Anti-gun crusade obscures real issues

April 24, 1999|By Gregory Kane

THE DEAD in Littleton, Colo., weren't even buried before the anti-gun nuts all but named the National Rifle Association as co-defendant in the Trenchcoat Mafia/neo-Nazi shooting and bombing spree that left 15 dead.

The yelping of the anti-gun nuts -- no, let's call them what they are: anti-self-defense fanatics -- was as constant as it is irritating. There are too many guns, they screech. Kids get their hands on guns all too easily, they whined, as if dying by pipe bomb is some kind of honor compared to being shot to death.

The media made sure to tell us that Coloradans will vote soon on whether to legalize carrying concealed weapons. The implication was that the Columbine High School incident should be ample reason to vote against it. Actually, 15 dead bodies is a reason Coloradans should vote for it. Had a faculty member at Columbine been carrying a concealed handgun, the carnage might have been stopped before it even started.

Gun-control nuts are fond of the argument -- weak and pathetic though it is -- that because there are all kinds of nuts out there, we should control guns. There are two weaknesses to the logic. First, guns are inanimate objects and hence are neither in control nor out of it. What needs controlling is the person using the gun, not the gun itself.

The second weakness is that because there are all kinds of nuts out there, the nuts won't harm us if they can't get guns. But a proliferation of nuts is precisely the reason law-abiding citizens need firearms. That's something the anti-gun nuts will never realize: The state can't protect us. That's the main lesson of what happened in Littleton. The state can't protect us from the muggers who prey daily on law-abiding citizens, and it can't protect us from the wackos who would walk into a school and start shooting everyone in sight.

But with a concealed-handgun law, we just might be able to protect ourselves.

Race in background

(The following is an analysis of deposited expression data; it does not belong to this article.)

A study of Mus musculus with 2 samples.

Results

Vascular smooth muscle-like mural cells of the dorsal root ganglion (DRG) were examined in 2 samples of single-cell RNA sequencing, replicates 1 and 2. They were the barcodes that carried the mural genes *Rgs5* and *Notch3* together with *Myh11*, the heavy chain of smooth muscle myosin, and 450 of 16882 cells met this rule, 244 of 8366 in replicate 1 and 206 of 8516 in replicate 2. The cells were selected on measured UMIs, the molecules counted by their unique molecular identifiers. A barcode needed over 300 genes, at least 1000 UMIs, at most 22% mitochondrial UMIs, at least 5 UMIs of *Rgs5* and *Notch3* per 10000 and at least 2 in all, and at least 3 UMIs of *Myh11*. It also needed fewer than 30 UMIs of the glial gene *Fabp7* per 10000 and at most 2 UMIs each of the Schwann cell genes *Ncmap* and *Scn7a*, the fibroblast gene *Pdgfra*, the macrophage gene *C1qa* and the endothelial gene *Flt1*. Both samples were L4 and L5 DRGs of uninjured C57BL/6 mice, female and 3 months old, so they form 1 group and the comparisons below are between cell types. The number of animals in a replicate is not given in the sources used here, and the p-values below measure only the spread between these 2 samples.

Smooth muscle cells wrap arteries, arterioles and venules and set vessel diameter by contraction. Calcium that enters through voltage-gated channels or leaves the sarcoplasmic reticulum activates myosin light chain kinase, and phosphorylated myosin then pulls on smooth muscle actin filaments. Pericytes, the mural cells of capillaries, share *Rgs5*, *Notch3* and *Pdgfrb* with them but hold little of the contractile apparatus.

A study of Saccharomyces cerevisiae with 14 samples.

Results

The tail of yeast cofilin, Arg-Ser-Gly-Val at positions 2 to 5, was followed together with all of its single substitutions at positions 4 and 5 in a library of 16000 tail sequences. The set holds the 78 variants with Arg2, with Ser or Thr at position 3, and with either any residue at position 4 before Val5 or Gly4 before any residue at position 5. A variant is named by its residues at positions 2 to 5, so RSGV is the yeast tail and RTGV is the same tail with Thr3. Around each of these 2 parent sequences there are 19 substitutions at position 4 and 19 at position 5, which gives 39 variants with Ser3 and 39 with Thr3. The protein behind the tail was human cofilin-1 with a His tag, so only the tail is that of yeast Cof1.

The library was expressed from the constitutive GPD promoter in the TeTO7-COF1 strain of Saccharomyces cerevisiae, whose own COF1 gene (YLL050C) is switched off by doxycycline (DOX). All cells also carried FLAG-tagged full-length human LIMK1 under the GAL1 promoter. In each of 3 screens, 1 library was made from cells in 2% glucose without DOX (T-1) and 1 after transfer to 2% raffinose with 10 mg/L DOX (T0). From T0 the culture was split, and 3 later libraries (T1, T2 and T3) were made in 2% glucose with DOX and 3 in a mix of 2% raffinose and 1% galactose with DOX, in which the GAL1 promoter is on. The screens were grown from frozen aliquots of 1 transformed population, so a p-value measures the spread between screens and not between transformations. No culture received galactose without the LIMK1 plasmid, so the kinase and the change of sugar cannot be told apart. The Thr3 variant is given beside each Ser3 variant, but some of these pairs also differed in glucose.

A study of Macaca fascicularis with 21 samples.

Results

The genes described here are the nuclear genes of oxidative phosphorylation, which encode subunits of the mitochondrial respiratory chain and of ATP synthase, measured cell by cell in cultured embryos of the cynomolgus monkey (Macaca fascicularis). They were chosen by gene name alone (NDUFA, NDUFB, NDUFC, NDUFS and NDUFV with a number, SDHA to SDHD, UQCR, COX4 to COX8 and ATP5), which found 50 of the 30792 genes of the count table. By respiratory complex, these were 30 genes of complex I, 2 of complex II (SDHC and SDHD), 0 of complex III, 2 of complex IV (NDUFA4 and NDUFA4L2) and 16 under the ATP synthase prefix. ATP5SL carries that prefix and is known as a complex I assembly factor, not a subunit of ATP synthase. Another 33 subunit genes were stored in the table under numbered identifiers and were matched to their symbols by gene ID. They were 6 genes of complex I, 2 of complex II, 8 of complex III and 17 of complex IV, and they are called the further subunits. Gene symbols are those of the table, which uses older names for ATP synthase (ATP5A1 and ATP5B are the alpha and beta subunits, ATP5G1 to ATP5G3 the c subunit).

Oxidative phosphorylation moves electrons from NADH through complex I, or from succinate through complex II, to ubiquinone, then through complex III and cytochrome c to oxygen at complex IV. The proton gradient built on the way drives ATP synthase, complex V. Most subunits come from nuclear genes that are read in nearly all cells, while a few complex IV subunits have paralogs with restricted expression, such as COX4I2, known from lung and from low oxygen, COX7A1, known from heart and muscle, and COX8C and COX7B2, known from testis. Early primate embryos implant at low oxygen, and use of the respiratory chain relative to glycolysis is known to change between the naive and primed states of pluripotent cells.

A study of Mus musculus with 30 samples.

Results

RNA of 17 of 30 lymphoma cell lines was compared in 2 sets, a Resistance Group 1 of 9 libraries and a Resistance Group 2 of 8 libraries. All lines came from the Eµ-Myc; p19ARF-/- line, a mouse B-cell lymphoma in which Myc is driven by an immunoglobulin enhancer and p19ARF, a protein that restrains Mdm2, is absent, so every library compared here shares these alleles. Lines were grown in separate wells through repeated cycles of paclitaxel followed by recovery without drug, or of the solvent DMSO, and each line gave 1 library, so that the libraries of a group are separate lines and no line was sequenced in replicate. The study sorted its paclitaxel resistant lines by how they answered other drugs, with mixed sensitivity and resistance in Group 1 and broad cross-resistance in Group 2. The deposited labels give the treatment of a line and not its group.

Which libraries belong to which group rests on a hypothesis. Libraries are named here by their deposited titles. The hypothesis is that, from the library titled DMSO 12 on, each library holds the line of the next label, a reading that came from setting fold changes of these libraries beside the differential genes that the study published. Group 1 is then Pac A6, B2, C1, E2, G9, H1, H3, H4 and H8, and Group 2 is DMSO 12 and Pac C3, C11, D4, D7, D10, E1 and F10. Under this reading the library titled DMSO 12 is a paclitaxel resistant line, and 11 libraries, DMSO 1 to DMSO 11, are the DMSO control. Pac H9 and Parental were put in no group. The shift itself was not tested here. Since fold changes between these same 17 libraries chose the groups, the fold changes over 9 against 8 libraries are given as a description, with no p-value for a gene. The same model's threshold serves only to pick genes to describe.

All this talk of gun control may be a red herring, however. There are other issues not being discussed in light of the Littleton murders.

Kevin Lynch is a black Montgomery County attorney who is for gun control and anti-NRA. He also feels gun control is not the only issue in the Littleton shootings. Lynch posted a 4.0 average at Princeton University and worked 40 hours a week to put himself through Georgetown Law School. He has little patience with excuse-making blacks or racist whites. The media, Lynch charged, are guilty of portraying Eric Harris and Dylan Klebold -- the two Trenchcoat Mafia members Littleton police believe shot up Columbine High School and then committed suicide -- as wayward youths in need of help.

"They tend to criminalize the behavior of black youth," Lynch said of the media. "But these guys [Harris and Klebold] are not thugs or racists but `troubled youth.' "

Lynch also wonders "what kind of parents would not notice kids stockpiling weapons" and believes the anti-black and anti-Hispanic attitudes of Trenchcoat Mafia members may have come from their elders. Lynch has visited a friend in Denver a few times and figures he has gotten a feel for the area, in terms of racial attitudes.

"That type of [racist] mentality is kind of prevalent out there," Lynch said of Denver and its suburbs. He has a hunch that some of the whites move from California to the Denver area in hopes of getting away from blacks and Hispanics and aren't too inclined to roll out the welcome mat when ethnic minorities show up.

Equal judgment

Lynch wants white suburban kids and inner-city black kids judged by the same standard. He expresses little sympathy for "troubled" white suburban kids. Or black ones, for that matter.

"They have computers, cell phones, luxury cars and no values at all," Lynch said of today's teens. "Kids are screwed up across the board."

As may be their elders, who have since Tuesday been plastered across our television screens asking in pitiful moans how mass murder could occur at a place like Columbine High School in affluent, middle-class Littleton, Colo.

What we don't say often speaks volumes. The unasked question is probably, "Why didn't this happen at Douglass or Carver high schools in West Baltimore or at Dunbar High School in East Baltimore or at some other inner-city school that serves poor minorities, who are supposed to be at high risk for this sort of thing?"

The poor souls have been trained to think of violence as an urban thing, with class and racial factors that somehow put those in suburban and rural areas at less risk.

History and current events suggest otherwise. American violence has more to do with age and gender than race and class. If you attend a school that has boys in the 14-to-18 age range, then you're at risk.

It doesn't matter if you live in the inner city or the suburbs.